Five tips to stem cyberattacks in Australia’s healthcare industry

In healthcare, prevention often stands to be the best cure — this holds true for both physical and digital health


Recently it was revealed that Eastern Health which manages Box Hill and Maroondah Hospitals in Victoria’s eastern suburbs was a victim of mystery cyberattack.

And earlier this year, the Melbourne Heart Group, a specialist cardiology unit at Melbourne’s Cabrini Hospital was attacked by a cybercrime syndicate. The healthcare provider had the medical files of about 15,000 patients compromised and received a ransom notice to be paid in cryptocurrency before a password would be provided to break the encryption.

Without a doubt, healthcare organisations generate swathes of data that has the potential, if in the right hands, to help patients better control their own health outcomes while enabling health professionals to take better care of their patients.  However, in the wrong hands this data can have devastating consequences, putting individuals and healthcare providers at risk.  In fact the potential, real-world effect these attacks can have is substantial.  You only have to look at both the WannaCry and NotPetya ransomware attacks of 2017 to see the devastating impact as these cyberattacks crippled computers in hospitals across the UK.

Cyberattacks cause chaos and disruption for Australian healthcare organisations

Cyber attackers have the ability to access, steal and sell patient information on the dark web. Beyond that, they have the ability to shut down a hospital’s access to critical systems and patient records, making effective patient care virtually impossible. And, with increased adoption of medical and IoT devices, the surface area for healthcare attacks is becoming even larger. The problem has been further compounded by limited cybersecurity staffing and stagnant cybersecurity budgets in the industry.

An audit by the Victorian Auditor-General’s Office (VAGO) found that patient data stored in Victoria's public health system is highly vulnerable to cyberattacks, and many health agencies have low risk awareness of the security flaws.

The report found deficiencies in how health services manage user access to digital records and weaknesses in users’ physical security and in their logical security, which covers password management and other user access controls.

The silver lining has been that awareness of the problem has never been higher. While the industry has traditionally lagged when compared with, say, finance or retail, the healthcare ransomware attacks of 2017 acted as a stark reminder of the impact such attacks can have.

Healthcare cyber heists in 2019

A recent research report in collaboration with 20 of the industry’s leading healthcare CISOs to investigate the state of cybersecurity in the healthcare industry found that almost all (83%) of surveyed healthcare organisations said they’ve seen an increase in cyberattacks over the past year.   And 66% of the respondents said their organisation was targeted by a ransomware attack, with 66% saying that all attacks have become more sophisticated.  Nearly half (45%) said they’ve encountered attacks where the primary motivation was destruction of data.

Below are our five key recommendations that for healthcare organisations to help in their fight against such cyberattacks:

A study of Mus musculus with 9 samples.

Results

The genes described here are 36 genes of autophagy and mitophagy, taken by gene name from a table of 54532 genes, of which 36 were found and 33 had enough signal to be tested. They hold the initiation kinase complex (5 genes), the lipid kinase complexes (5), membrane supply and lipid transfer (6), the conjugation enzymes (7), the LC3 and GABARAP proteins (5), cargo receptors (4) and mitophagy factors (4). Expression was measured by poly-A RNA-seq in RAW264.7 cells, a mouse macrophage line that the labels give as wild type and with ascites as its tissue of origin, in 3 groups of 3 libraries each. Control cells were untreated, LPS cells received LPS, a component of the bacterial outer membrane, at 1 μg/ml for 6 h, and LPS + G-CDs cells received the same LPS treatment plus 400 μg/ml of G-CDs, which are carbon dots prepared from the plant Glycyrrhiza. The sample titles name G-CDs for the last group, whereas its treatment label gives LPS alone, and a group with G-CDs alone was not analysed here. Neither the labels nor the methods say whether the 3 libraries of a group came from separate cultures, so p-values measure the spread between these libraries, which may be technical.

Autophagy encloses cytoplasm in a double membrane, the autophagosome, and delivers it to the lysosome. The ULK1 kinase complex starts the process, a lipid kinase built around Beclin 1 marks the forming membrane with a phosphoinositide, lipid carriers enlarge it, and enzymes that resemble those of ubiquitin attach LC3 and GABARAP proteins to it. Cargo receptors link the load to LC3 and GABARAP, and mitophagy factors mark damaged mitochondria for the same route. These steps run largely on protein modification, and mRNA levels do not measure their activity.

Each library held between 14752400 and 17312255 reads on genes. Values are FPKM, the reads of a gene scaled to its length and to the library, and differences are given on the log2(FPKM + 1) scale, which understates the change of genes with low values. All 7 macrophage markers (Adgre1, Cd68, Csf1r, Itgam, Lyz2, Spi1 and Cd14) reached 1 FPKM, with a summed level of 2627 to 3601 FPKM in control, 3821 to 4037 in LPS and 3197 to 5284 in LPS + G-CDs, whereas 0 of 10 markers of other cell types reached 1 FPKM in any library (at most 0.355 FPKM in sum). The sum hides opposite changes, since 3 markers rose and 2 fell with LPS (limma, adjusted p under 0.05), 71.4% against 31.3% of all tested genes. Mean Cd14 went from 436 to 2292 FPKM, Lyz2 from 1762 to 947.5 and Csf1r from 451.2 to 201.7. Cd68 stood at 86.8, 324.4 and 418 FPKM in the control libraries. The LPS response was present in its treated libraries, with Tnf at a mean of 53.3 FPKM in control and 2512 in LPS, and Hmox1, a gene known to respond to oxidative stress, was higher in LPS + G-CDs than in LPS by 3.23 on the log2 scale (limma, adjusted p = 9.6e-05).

• Increase endpoint visibility. With the growing sophistication of attacks, CISOs need to look at any connected asset as a potential target. This includes electronic medical record systems, medical devices, payment processing systems, and more.
  • Establish protection from emerging attacks. With the potential attack surface growing and evolving quickly, healthcare organisations need to stop as many attacks as possible before they breach the network perimeter. This means leveraging a variety of technologies from whitelisting to streaming analytics to behavioural prevention.
  • Run automated compliance and vulnerability assessments. With the risk of supply chains being attacked and subsequently compromised, CISOs should be auditing systems regularly and establishing remediation steps across all their security infrastructure.
  • Work with healthcare-focused MDRs if needed. There are a variety of managed detection and response service providers out there who specialise in the unique challenges faced by healthcare organisations. When resources are short, these shops can quickly improve your security posture.
  • As always, backup your data. Destructive attacks, including ransomware, don’t need to destroy your business. Employ best practices for data backup to ensure your data is never at risk.

Prevention is the best cure

In healthcare, prevention often stands to be the best cure. This holds true for both physical and digital health. A person’s digital (and often physical) health can be directly tied to the cybersecurity posture of their healthcare providers. Good posture means patient data and healthcare infrastructure systems are in a robust state and can do their job with low risk of disruption, while poor posture risks interruptions to patient care and loss of critical personal data. 

And, for these healthcare providers, it appears some progress is being made. Regular education of employees, greater awareness of modern threats and the prospect of building out larger threat hunting teams can all go a long way in helping to curb attacks. It does not appear that the volume and frequency of attacks will be abating anytime soon. Therefore extreme vigilance among healthcare security teams will be required to help stem the tide in 2019 and beyond.

Rick McElroy is head of security strategy for Carbon Black.